6 cybersecurity experts share twitch-inducing pet peeves
Everyone has that thing. That trigger that makes a person twitch. Whether that's standing on the left side of an escalator, walking too slow on the sidewalk or coworkers neglecting to take home last Tuesday's Chipotle guacamole (yes, it has indeed gone bad).
Mere annoyances and pet peeves can fester in the workplace and make for tense lunchroom conversations. But as professionals, overreaction is not recommended and people have to just grin and bear it.
Pet peeves in the technology industry, however, center around perceptions in the field. Misunderstandings about technology implementations, and just how much works goes into a project, can set off the most demure employee. In cybersecurity in particular, many annoyances focus on the misuse of words and industry lingo.
At RSA Conference 2018 in San Francisco last month, I spoke with six experts about their pet peeves. Here's what they had to say:
Jenny Menna, SVP of Security Intelligence, Engagement and Awareness at U.S. Bank:
"It drives me crazy that people are now using 'active defense' as a buzzword when historically it meant you were doing something illegal. ...
There's baggage in the financial sector after the DDoS attacks and what can you do to not just protect yourself but to take action, so I hate that people are using that as the new buzzword for their products when it has that connotation."
Gus Hunt, managing director and cyber lead for Accenture Federal Services:
"The increasing gap between the haves and the have-nots ... what you're seeing happen is that because of the nature of the shortage of skills and the cost of doing [business], big companies and organizations have the wherewithal to hire the talent and can pay the prices, leaving the small and medium and the mom and pops in the dust.
And yet we are so interconnected in this world across the board that we are now vulnerable because they're being left in the dust. We have to find a way to raise all boats across the board."
Marc Spitler, sr. manager of Verizon Security Research at Verizon Enterprise Solutions:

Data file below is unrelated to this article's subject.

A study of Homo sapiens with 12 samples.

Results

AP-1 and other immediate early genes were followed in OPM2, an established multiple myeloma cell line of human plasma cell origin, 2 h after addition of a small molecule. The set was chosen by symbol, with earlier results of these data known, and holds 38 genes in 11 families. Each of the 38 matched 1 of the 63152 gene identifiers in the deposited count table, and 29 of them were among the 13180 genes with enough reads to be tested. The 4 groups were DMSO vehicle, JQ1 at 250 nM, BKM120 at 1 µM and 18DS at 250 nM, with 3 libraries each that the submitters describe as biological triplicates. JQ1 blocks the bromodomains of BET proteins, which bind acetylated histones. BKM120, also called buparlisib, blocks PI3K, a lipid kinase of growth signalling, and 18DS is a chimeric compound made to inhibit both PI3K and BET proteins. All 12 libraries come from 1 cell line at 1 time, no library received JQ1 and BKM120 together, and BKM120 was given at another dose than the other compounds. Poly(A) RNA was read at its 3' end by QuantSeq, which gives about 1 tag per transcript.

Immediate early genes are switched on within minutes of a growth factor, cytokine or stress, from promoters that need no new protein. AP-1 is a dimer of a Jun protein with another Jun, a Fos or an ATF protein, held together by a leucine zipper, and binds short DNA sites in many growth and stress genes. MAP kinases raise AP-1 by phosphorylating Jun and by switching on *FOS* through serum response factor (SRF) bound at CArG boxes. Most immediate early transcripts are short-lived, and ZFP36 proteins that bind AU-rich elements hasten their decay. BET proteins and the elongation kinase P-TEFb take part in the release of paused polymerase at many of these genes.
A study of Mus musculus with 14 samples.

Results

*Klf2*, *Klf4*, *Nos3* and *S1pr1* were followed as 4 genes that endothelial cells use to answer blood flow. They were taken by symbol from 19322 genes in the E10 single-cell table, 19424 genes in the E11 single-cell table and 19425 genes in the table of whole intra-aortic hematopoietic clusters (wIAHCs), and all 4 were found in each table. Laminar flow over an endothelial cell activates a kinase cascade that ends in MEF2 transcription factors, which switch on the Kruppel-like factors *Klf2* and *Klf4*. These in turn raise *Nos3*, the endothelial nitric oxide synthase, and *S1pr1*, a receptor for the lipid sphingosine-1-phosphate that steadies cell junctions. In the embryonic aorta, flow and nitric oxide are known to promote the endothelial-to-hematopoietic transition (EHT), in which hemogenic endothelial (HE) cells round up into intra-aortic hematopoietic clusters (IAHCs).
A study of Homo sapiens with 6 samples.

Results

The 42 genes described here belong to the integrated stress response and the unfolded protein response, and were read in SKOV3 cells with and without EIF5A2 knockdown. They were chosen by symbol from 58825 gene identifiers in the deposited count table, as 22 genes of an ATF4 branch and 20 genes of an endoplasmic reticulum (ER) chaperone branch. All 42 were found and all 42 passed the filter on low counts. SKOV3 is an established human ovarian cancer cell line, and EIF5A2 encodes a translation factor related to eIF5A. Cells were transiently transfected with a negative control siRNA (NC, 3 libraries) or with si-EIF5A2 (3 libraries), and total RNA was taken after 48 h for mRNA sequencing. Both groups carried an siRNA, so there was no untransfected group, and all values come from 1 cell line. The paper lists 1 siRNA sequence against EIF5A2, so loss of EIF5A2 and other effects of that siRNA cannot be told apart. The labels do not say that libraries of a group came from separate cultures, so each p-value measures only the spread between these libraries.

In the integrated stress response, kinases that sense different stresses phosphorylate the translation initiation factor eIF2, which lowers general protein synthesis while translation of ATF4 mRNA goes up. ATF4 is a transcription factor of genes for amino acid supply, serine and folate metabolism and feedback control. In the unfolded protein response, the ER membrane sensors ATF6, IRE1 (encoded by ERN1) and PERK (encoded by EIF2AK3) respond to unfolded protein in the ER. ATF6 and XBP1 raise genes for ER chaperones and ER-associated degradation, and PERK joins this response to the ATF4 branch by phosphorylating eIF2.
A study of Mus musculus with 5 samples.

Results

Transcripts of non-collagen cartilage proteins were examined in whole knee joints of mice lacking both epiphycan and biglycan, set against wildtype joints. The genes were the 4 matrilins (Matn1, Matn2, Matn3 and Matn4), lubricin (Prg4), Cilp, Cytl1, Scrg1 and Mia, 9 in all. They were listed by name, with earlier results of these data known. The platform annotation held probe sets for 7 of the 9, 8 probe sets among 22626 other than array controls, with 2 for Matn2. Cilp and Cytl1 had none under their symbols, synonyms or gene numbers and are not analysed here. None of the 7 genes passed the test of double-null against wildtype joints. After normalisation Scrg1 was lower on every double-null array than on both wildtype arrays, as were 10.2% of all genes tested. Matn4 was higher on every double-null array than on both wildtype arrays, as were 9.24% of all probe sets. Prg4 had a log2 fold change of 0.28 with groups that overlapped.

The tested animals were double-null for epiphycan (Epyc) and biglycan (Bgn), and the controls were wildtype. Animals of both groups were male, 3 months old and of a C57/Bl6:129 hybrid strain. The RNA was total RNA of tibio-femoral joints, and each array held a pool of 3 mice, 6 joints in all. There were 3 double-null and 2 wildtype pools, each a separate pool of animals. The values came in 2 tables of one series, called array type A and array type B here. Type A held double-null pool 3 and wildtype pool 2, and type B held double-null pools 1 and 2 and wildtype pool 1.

"The jargon that is used. The inability for people to use even the word 'hack' correctly when sometimes it's not hacking, it's malware.
And to extend upon that, anytime someone says 'malware incident,' that can be a little bit annoying because [in] the majority of data breaches, if there's any level of sophistication there's going to be malware in some form or fashion, either as a tool that is invoked after compromise or as the means of compromise."
Juan Pablo Perez-Etchegoyen, CTO of Onapsis:
"The size, I think. It's getting so big and there's so much stuff, I mean, putting myself in the shoes of a CISO, it's probably nearly impossible to really decide what's critical and what's not. It's really really hard [to] scale and get the right resources. ...
I would love for things to be simpler, but it's not going to get any better in the future. Everything is interconnected. Everything is digital. So security is going to become literally a part of our lives moving forward."
Tammy Moskites, managing director at Accenture Security:
"When I go into organizations as a whole, they don't have an inventory of their assets. They do not know what's accessing what to their network. ... [so it's] foundational security, security 101. You can't secure and protect what you don't know you have. It's really important to know where your crown jewels are.
The other pet peeve of mine is when people put HIPAA with two P's and not two A's."
Mark Nunnikhoven, VP of cloud research at Trend Micro:
"My cybersecurity pet peeves are more directed at the cybersecurity community. ...
I think, in general, usability is a really challenge. The myth in the security community is that it's security vs. usability. ... the vast majority of people and the vast majority of breaches and incidents happen because people are just trying to get stuff done and the security was too onerous or too challenging.
I think that, coupled with the general attitude of not seeing ourselves in the security community as educators — it's our job to make the case, it's our job to inform people about the challenges because thankfully we are getting the conversation in the mainstream media.
We are getting a two-day grilling on the Hill about data privacy and yes the questions were all over the map, but that is a huge win for security and privacy in general that it's in the mainstream consciousness. That's an opportunity to educate people further and the fact that we don't take advantage of this enough is a huge pet peeve of mine."